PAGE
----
The solution is to replace the current IPv4 protocol (which allows for only 4 billion Internet addresses) with IPv6 (which allows for 3.4 undecillion, aka a whole lot). The problem is, software that works for IPv4 does not automatically work for IPv6 as well: it has to be upgraded to support IPv6. Much of the software already has been upgraded. All major operating systems support it. Your web browser supports it (unless you're using Lynx or NCSA Mosaic). But a lot remains to be converted. This will be the greatest economic cost of switching to IPv6.

Here's how I expect the transition to go:

  1. Pre-exhaustion stage. Unallocated IPv4 addresses for end-users remain. A few consumers, companies, and governments start to adopt IPv6, but most behavior remains unchanged. Toward the end of this time, markets for IPv4 addresses will appear. Some people will grab unallocated blocks to sell at a marked-up price later.
  2. IPv4 market stage. The last IPv4 addresses have been allocated. People who control sizeable blocks will sell them for a quick buck. This will extend IPv4 for longer than people expect. (Most articles I've read predict it will extend IPv4 by a few months; I say it'll be a year at least. Never underestimate raw capitalism.)
  3. IPv6 hype stage. As IPv4 market prices continue to rise, companies will start to hype up the advantages of IPv6 [1] in an attempt to get consumers to change, and to make a buck in the process. Comcast will create ads that say, "Get our new-fangled IPv6-enabled modem!". Linksys will come out with routers, "Now with IPv6!". They will both quietly offer free flash upgrades to reward their smarter, and thus better, customers. But the end result, shady though the process be, is consumers will start to use IPv6 en masse.
  4. IPv6 critical mass stage. When a critical mass of consumers, infrastructure, and content is converted to IPv6, some providers will decide not to bother with IPv4, and some knowledgeable consumers will disable IPv4. New software will start to be developed without IPv4 support. Old software will start to drop IPv4. I'm guessing this won't happen till 2014.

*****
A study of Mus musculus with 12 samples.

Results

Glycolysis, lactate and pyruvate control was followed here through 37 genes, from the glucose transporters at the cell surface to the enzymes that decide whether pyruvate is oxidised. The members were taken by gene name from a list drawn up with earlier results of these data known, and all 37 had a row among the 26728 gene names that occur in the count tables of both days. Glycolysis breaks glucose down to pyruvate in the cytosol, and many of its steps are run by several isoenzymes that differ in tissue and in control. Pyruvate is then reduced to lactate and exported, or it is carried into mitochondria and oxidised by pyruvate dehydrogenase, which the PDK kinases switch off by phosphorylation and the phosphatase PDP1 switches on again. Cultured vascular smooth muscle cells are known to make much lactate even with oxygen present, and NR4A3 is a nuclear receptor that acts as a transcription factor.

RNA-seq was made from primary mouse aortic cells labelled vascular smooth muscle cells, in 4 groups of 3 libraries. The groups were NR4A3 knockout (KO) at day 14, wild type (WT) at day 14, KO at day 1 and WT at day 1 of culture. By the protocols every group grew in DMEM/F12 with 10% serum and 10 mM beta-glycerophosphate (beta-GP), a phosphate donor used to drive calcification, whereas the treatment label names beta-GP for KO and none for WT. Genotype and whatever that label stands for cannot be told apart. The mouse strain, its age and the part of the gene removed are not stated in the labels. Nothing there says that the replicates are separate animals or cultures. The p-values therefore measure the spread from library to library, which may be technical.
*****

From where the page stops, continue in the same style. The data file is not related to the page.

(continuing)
5. Legacy IPv4 stage. IPv4 prices peak. Large corporations and goverments that have money and a need for maximal exposure will start buying out the ipv4 addresses so that legacy users can still connect to them. Almost no new software will support IPv4. Legacy software that only supports IPv4 will fall into disuse.
  6. IPv4 wind-down phase. IPv4 blocks fall to near zero value. IANA and friends will start asking companies to return IPv4 blocks for permanent retirement.
  7. Microsoft will drop support for IPv4, finally making it obsolete.
  8. Top-level domain servers stop serving IPv4 addresses. IPv4 will survive only in off-line legacy networks, and Gophernet. Guessing this will be about 2020.

We'll check back here in 2020 to see how my predictions went.

Currently, I haven't even begun to adopt IPv6. This is mainly because my ISP doesn't support it yet, so what's the point? I actually have my ipv6 module blacklisted so it doesn't load. (I run Linux so I can do stuff like that.) As soon as my ISP does that (and they should do it pretty soon), I'll start my own conversion.


[1]IPv6 has other advantages besides the larger address space.
Tags: internet, ipv4, ipv6
Last Edited: 6 February 2011, 3:40 PM
Steven Don wrote: It's not 2020 yet, but in 2017 I think we're pretty much stuck in a mash-up of phases 2 and 3. My ISP can't even provide me with an IPv6 address.
Carl Banks wrote: Yes, I was a little aggressive in my timing. Never underestimate raw capitalism.